From the discovery of the first serious iPhone 3G exploit to the sighting of a new Captcha-conquering bot, the past week has proven interesting in the world of IT security, so much so that I've decide to take a look at several of stories that have cropped up, rather than doing my regular deep-dive into a specific topic.
Chrome, the last browser standing at Pwn2Own
Results of TippingPoint's CanSecWest hacking contest, Pwn2Own, once again demonstrated that building a perfectly secure Internet browser is very difficult. Even though Firefox and Apple rushed out dozens of last-minute security patches before the big contest, Firefox, Safari, and Internet Explorer 8 all quickly fell. A Safari bug even led to the first serious documented iPhone 3G exploit.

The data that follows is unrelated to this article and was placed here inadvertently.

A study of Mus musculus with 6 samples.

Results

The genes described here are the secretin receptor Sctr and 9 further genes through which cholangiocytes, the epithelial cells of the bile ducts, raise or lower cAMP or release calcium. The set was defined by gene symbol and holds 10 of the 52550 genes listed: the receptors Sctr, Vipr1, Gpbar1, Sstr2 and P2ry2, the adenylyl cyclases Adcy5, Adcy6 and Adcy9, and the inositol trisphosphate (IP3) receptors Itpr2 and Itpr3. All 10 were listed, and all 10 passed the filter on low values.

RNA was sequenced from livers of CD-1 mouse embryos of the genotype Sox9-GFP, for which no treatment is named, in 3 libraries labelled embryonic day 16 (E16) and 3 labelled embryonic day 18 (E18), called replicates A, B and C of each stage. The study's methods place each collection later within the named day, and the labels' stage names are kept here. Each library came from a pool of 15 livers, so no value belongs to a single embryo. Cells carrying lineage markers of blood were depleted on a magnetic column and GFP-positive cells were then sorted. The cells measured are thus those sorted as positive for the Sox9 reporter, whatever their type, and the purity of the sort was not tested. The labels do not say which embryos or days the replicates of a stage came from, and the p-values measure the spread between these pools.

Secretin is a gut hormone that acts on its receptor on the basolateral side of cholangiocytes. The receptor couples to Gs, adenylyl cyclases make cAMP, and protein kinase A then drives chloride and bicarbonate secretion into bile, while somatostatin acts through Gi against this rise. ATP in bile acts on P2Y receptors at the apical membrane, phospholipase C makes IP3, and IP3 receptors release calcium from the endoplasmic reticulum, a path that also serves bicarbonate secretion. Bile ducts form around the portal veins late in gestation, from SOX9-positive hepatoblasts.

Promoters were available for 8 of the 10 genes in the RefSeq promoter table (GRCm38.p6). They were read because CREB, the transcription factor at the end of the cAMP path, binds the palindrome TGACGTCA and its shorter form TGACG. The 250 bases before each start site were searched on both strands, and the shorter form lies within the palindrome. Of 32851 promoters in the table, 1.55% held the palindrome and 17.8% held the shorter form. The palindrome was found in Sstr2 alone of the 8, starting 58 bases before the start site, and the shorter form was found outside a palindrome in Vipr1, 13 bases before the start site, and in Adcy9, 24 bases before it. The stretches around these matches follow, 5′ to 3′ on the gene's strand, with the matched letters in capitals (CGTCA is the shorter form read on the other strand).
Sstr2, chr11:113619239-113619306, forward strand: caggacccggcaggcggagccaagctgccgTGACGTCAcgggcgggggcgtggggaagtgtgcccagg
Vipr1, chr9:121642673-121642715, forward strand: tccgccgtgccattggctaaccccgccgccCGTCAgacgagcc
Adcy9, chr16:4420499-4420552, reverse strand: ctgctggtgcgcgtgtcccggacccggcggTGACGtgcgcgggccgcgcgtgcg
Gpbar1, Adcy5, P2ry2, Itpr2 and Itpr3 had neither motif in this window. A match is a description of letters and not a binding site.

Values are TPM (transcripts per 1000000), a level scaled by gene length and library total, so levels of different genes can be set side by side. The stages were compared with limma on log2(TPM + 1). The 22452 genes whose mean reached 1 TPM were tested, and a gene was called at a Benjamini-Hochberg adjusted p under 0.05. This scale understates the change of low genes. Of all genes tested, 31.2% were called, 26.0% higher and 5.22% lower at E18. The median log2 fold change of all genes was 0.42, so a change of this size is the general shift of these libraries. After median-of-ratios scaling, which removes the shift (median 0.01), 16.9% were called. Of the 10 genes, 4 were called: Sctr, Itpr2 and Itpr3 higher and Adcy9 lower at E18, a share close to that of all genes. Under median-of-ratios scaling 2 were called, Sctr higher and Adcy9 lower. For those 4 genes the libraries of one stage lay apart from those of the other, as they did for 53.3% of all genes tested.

[Microsoft is defending the security of Windows 7 after a poor showing at Pwn2Own. | InfoWorld's Roger Grimes explains how to stop data leaks in an enlightening 30-minute Webcast, Data Loss Prevention, which covers the tools and techniques used by experienced security pros. ]
The only browser left standing was Google's Chrome. Many observers attributed this success to Chrome's aggressive security model (which is truly impressive in many ways). But that would ignore the fact that Chrome has had at least 18 documented vulnerabilities in the past three months alone -- nearly one-third of which would enable a malicious hacker to compromise a system or bypass access controls. Those 18 vulnerabilities in Chrome followed 16 others reported during the three prior months -- 60 percent of which could lead to system compromise or security control bypass.
This is not to say that Google Chrome isn't a secure browser. It's just that all the popular browsers seem to have their imperfections over time. Personally, I'd love to see the Opera browser invited to participate in the contest, especially because it has always been a major player in the smartphone space.